Top 30 NHL Draft Busts

It’s too early in the season to see if the 2015 draft picks like Connor McDavid (Edmonton Oilers) or Jake Eichel (Buffalo Sabres) will turn out as good or bad selections, but each has a good amount of hype to see what they can do in the NHL.

Maybe McDavid or Eichel will become as great as Wayne Gretsky or Jaromir Jagr, but the players on this list remind us not to get too excited too early.

30. A.J. Thelen – 2004 Minnesota Wild, 12th overall

When you are a hockey franchise that is still within its first five years, drafting the right players is one of the most important tasks of building a playoff contender. Since becoming a new franchise in 2000, the Wild were hoping that they would start drafting their future leaders in the 2004 NHL Draft – starting with A.J. Thelen.

In the season before the draft, Thelen scored 11 goals and 18 assists in a 42-game season with Michigan State University and played his senior season with the Spartans in 2004-05 (33 games, 11 assists). Shortly after, he played for the Prince Albert Raiders of the Western Hockey League in the 2005-06 season where he played 72 games and had 13 goals and 23 assists.

These numbers were not good enough for the Wild to sign Thelen to a contract, so he would make a move to the East Coast Hockey League by signing with the Texas Wildcatters in the 2007-08 season, finishing with just seven goals in 63 games. During a two season run with the Florida Everblades, he had only 11 goals in 82 games.


Keep in mind only two players from the first round of the 2004 draft didn’t at least make an appearance in the NHL – the other was Andy Rogers, who was taken 30th by the Tampa Bay Lightning. The next person who had the third least amount of NHL experience was Mike Green with 575 total games between the Washington Capitals and the Detroit Red Wings.

29. Nikita Filatov – 2008 Columbus Blue Jackets, 6th overall

Filatov was one of those examples of a young 18-year-old prospect that showed a lot of potential with a good amount of actual talent. His first year with the Syracuse Crunch, Columbus’ affiliate in the American Hockey League, showed him scoring a total of 32 points (16 goals, 16 assists) in his 39 games in the 2008-09 season – which also saw him score four goals in eight NHL games with the Blue Jackets.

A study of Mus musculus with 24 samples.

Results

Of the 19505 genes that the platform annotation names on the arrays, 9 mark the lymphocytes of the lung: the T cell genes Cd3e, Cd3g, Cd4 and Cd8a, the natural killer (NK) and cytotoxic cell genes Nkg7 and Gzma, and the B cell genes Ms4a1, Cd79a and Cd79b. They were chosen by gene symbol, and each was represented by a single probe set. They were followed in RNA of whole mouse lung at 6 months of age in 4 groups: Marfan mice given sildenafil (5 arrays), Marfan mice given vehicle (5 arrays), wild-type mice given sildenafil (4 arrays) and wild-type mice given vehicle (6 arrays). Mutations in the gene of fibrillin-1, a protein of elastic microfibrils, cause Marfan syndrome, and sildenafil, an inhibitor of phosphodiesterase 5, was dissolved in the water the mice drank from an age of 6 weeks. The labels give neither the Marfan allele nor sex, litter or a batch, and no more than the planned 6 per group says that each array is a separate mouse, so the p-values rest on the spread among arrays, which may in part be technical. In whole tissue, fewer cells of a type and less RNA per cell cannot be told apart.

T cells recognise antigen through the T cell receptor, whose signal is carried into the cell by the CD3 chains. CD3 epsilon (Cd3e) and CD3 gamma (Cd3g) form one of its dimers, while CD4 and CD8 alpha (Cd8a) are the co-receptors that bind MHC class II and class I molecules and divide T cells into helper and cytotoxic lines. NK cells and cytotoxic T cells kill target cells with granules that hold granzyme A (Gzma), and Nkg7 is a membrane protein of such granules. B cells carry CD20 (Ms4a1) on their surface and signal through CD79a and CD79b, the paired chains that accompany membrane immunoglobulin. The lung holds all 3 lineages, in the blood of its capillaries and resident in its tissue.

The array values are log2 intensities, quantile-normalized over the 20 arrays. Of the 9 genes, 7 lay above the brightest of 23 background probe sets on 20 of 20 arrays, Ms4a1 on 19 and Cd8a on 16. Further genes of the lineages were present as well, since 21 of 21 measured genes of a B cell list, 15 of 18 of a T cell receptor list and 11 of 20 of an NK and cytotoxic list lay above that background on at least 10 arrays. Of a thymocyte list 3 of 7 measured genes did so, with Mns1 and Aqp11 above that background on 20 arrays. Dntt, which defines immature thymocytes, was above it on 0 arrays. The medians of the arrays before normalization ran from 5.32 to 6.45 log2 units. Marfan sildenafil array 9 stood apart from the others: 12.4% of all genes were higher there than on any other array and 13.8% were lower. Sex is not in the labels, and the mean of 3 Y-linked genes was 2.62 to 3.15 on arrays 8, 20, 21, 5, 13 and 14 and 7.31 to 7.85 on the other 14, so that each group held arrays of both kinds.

He was also averaging about a point per game during the next season in Russia’s KHL, so there was a lot of hope when he returned to the Blue Jackets. But he went without any goals in the 2010-11 season where he appeared in 23 games. The team traded him to the Ottawa Senators that next season, where he only made nine appearances before he found himself back in the KHL, where he has played since with various clubs. Unfortunately, the talent that many NHL scouts saw when he was 18 and 19 never materialized when he made it to the big stage.

What is frustrating for the Blue Jackets is that the four players that were selected after Filatov – Colin Wilson (Nashville Predators), Mikkel Boedker (Phoenix Coyotes), Josh Bailey (New York Islanders) and Cody Hodgson (Vancouver Canucks) – all have played more than 200 games in the NHL.

28. Patrick Stefan – 1999 Atlanta Thrashers, 1st overall

There was not a large amount of talent in the 1999 draft pool, except the two Sedin brothers who went second and third to the Vancouver Canucks – which has proven to be a dynamic duo in their own right. But the first player selected was Stefan, who the Thrashers were hoping would be better than the Sedins.

After a few seasons with the Long Beach Ice Dogs of the International Hockey League, Stefan would spend five season with Atlanta, where he would have mediocre success with a total of 49 goals over 350 NHL appearances. After that, he was traded to the Dallas Stars where Stefan would have his notorious moment that led to the end of his NHL career.

On January 4, 2007, Stefan had a breakaway attempt on an empty net against the Edmonton Oilers in a game the team was winning 5-4. However, he would end up falling on the breakaway, which led to Edmonton’s Ales Hemsky to score in the final seconds of regulation. While Dallas won, the Stars didn’t renew Stefan’s contract.

He would sign a contract with a club in a Czech league before being forced to retire due to a severe hip injury and other issues that bothered him throughout the season.